Bruce Springsteen is livestreaming from home today.
I wonder how Ronnie is handling all of this.
Frozen vegetables are hard to find.
I should call my aunt.
Grocery store workers never signed up to be society’s heroes, but here we are.
I need to go switch the laundry.
Ahem. Pardon me.
Maybe you understand. Maybe you’re feeling a little unglued, too. Frankly, if you’re not, I’d like to know what glue you use.
Life is always strange, and I wouldn’t have it any other way. But you and I and all the saints and senators and sanitation workers can agree together that we’ve transcended “strange” in our days.
Things are so different from “normal” — O sacred underrated normal! — and yet so stiffly, stultifyingly the same from day to quarantined day, that even Elmer himself is getting a little unglued.
Just think of it. As of Valentine’s Day, we were all chomping chocolate and gathering in galumphing hordes of humanity and acquiring toilet paper without fear.
In the matter of a few weeks, we’ve become feral humans, prowling our separate caves and the Internet for canned corn and paper products. We dream of cats we can’t hug and parks we can’t visit and people — inscrutable, infuriating, apparently-we-can’t-live-without-’em people — we can’t meet for coffee or Canasta or just to check the mail side-by-side. (True story: today I was at the bank of mailboxes when one of my neighbors, a nice guy who I haven’t seen since before All This, walked in. He took one look at me and yelped “social distancing!” And so a little more glue glopped off my edges.)
When reality has me reaching for answers, I turn to God and the nearest cat (generally, but by no means always, in that order). The first doesn’t always detail His plans; the latter is always willing to pontificate.
In these long-lasting times of terrific sameness, the great viral Groundhog Day of 2020, there is no better cat to consult than Angelo.
Like you and me and Tom Hanks and Andrea Bocelli, Angelo was blindsided by change. Not once, not twice, but three times, Ang found himself unwillingly isolated from his family-at-the-time. As memory serves me, Angelo was first surrendered to a Manhattan public shelter when he bit his owner for attempting to “wear him like a scarf” (I report the facts, I don’t write them). The next two goodbyes were more sympathetic — Angelo, a known “inappropriate eliminator,” had done his dribbly thing one too many times in both homes.
Each time, the initial, world-altering chaos led to many moons of monotony…at Tabby’s Place.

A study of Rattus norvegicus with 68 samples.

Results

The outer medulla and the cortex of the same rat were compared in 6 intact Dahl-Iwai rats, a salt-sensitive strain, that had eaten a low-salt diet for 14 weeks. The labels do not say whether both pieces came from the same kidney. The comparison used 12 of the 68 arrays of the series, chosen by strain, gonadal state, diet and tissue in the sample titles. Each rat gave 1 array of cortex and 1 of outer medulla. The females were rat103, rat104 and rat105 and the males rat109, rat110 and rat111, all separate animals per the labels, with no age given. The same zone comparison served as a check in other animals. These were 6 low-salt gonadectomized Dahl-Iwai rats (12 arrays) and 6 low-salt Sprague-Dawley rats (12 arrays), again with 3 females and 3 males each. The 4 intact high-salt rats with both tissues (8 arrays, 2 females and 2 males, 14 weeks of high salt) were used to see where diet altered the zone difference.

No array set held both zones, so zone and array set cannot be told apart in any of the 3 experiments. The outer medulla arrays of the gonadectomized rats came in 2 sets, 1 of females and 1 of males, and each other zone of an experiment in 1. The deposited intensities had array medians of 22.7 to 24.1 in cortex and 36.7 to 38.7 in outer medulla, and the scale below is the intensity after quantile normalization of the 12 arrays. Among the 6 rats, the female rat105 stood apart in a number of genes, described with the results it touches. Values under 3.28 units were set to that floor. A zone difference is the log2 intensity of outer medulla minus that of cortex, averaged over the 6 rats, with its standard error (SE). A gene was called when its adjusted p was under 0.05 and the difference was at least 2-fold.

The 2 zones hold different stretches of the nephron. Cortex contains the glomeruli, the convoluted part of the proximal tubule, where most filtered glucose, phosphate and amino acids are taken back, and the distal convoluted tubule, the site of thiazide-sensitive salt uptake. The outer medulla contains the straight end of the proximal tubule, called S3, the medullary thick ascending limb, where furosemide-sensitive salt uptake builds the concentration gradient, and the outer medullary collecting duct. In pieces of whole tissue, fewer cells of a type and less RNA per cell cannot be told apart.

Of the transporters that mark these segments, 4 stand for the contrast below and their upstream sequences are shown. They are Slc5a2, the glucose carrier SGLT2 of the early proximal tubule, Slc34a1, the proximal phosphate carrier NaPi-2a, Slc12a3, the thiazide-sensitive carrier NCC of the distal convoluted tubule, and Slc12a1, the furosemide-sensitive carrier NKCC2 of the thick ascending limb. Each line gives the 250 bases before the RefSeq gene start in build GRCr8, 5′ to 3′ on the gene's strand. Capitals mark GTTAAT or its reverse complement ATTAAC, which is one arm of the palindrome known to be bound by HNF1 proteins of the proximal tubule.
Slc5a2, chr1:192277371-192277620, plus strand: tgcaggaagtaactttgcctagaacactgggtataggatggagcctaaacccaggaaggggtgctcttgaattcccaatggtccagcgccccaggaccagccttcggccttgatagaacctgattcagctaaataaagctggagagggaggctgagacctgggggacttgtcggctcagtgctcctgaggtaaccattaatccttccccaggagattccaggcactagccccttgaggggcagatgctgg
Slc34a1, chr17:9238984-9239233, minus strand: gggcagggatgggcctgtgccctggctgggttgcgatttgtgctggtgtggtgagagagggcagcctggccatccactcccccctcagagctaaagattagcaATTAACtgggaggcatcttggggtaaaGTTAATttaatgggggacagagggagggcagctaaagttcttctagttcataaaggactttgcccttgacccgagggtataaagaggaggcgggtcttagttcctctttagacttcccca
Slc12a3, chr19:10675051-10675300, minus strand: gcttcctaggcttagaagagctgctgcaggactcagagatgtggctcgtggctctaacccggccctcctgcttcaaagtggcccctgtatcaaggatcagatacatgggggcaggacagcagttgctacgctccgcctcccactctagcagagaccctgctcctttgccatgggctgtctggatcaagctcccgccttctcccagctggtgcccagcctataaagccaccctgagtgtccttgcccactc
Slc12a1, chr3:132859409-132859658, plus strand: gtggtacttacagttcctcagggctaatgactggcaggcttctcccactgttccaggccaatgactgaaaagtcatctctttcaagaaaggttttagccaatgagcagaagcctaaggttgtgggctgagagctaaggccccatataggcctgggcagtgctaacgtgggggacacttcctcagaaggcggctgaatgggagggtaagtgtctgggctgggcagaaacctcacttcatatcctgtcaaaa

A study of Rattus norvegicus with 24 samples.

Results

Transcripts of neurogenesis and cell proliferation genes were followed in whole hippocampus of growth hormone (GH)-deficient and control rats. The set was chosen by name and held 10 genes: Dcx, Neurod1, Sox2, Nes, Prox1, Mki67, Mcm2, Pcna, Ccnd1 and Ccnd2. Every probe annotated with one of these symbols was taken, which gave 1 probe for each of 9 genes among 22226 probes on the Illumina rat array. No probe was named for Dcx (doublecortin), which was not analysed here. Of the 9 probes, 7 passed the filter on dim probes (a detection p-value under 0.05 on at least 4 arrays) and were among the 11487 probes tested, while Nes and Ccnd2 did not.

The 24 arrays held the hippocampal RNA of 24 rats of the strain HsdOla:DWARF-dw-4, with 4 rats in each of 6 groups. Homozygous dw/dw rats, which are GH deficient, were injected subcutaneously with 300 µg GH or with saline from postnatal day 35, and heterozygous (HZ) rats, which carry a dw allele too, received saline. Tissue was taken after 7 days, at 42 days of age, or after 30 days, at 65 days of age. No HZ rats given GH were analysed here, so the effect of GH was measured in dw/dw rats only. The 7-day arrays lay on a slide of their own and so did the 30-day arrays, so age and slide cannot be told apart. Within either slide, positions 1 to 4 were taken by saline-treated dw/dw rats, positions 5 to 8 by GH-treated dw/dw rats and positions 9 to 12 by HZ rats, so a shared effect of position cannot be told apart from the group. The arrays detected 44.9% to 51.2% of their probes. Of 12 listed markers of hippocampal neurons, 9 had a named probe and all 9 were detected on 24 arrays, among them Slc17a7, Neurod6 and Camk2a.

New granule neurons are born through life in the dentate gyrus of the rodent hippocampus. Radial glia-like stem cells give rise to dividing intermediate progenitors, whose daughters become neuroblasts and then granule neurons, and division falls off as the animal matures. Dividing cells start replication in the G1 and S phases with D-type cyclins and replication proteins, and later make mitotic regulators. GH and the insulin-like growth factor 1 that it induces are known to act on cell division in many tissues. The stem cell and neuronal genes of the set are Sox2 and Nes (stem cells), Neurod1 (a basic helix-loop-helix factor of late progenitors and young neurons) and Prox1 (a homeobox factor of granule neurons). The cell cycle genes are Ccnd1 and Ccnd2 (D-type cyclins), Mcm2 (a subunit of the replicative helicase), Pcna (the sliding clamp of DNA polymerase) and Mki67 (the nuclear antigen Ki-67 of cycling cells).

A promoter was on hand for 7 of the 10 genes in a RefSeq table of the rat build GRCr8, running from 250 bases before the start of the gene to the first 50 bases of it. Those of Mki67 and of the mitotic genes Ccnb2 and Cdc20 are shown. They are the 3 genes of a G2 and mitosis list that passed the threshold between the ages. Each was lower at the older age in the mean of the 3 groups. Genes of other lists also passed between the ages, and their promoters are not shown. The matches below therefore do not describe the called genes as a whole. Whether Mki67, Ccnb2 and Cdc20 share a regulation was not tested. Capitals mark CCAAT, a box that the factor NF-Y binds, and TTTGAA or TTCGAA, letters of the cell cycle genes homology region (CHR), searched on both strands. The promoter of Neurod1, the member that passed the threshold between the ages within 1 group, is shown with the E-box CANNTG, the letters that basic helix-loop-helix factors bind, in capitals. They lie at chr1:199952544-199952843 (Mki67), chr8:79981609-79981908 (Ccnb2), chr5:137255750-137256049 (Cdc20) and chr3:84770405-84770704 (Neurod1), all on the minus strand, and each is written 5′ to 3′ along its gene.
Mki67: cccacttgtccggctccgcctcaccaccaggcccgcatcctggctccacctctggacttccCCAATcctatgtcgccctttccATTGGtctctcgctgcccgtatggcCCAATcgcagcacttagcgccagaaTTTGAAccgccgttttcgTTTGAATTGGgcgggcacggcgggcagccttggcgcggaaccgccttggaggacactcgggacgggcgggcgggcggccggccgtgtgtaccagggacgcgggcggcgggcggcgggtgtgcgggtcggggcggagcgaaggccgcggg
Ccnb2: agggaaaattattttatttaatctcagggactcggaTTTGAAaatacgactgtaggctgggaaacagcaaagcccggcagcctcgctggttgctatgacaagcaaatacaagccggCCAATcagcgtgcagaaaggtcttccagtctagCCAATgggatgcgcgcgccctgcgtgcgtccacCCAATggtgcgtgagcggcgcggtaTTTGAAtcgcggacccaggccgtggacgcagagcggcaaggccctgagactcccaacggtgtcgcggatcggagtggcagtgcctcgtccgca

If you scroll through our adoptable cats, you’ll have to get to the final page to behold Angelo. He’s among the oldest of our old-timers now. His Tabby’s Place tenure is about the same length as Celine Dion’s Las Vegas residency, or Al Roker’s stint on the Today show. It seems there are no term limits for certain stars.
It would be easy enough for Angelo to become unglued: unglued each time he was surrendered to us; unglued each time he realized he was entering the same cycle of similar days in the same strange sanctuary; unglued each time someone got confused as to whether someone else was talking about Angelo or Angela (“Ang peed on the floor again.” “Ang is gettimg bigger than a beluga.” “Ang needs serious help with grooming”).
But Angelo, being a cat and a sage, does no such thing.
Angelo adapts…and exults.
Centuries a few years ago, Angelo was known for attacking other cats. I seem to recall the late, great, frail Frito-colored Mango as his favorite target. “Inter-cat aggression” seemed permanently affixed to Ang’s rap sheet.
But when you’re faced with an infinite stretch of identical days, you learn to change things up. Somewhere in time, Angelo decided to get downright docile with his own kind, and now it’s unusual to see him anywhere other than wrapped around Mary like…well, a scarf. (Or a pillow. Or whatever Mary wants.) Anthony Soprano has become Alan Alda.
As the years have yodeled on, Ang has adapted with aplomb. There are certain advantages to being old and/or crusty, and one of them is the Senior Discount. At Tabby’s Place, that’s not a cut rate on fish mush; it’s a fast-track to the great outdoors, courtesy of one of our strollers. Whether it’s his age or his interminable tenure or just because somebody/everybody adores him, Angelo has joined the ranks of our “indoor-outdoor” cats, treated to regular walks in a stroller. Up and down and around Tabby’s Place he goes, smelling the blossoms, hearing the bees, growing as an individual and a connoisseur of life itself.
Angelo’s life story could leave the steadiest of us unglued. But Angelo’s wisdom reminds us: maybe that’s better than being too firmly glued in the first place.
So let’s embrace the oddness of our days, kittens. I can’t predict how, but this season of strangeness will change us. It will be messy. It will mean getting unstuck from comfortable old ways. But it will eventually bring us all together, bonded tighter than we dreamed before.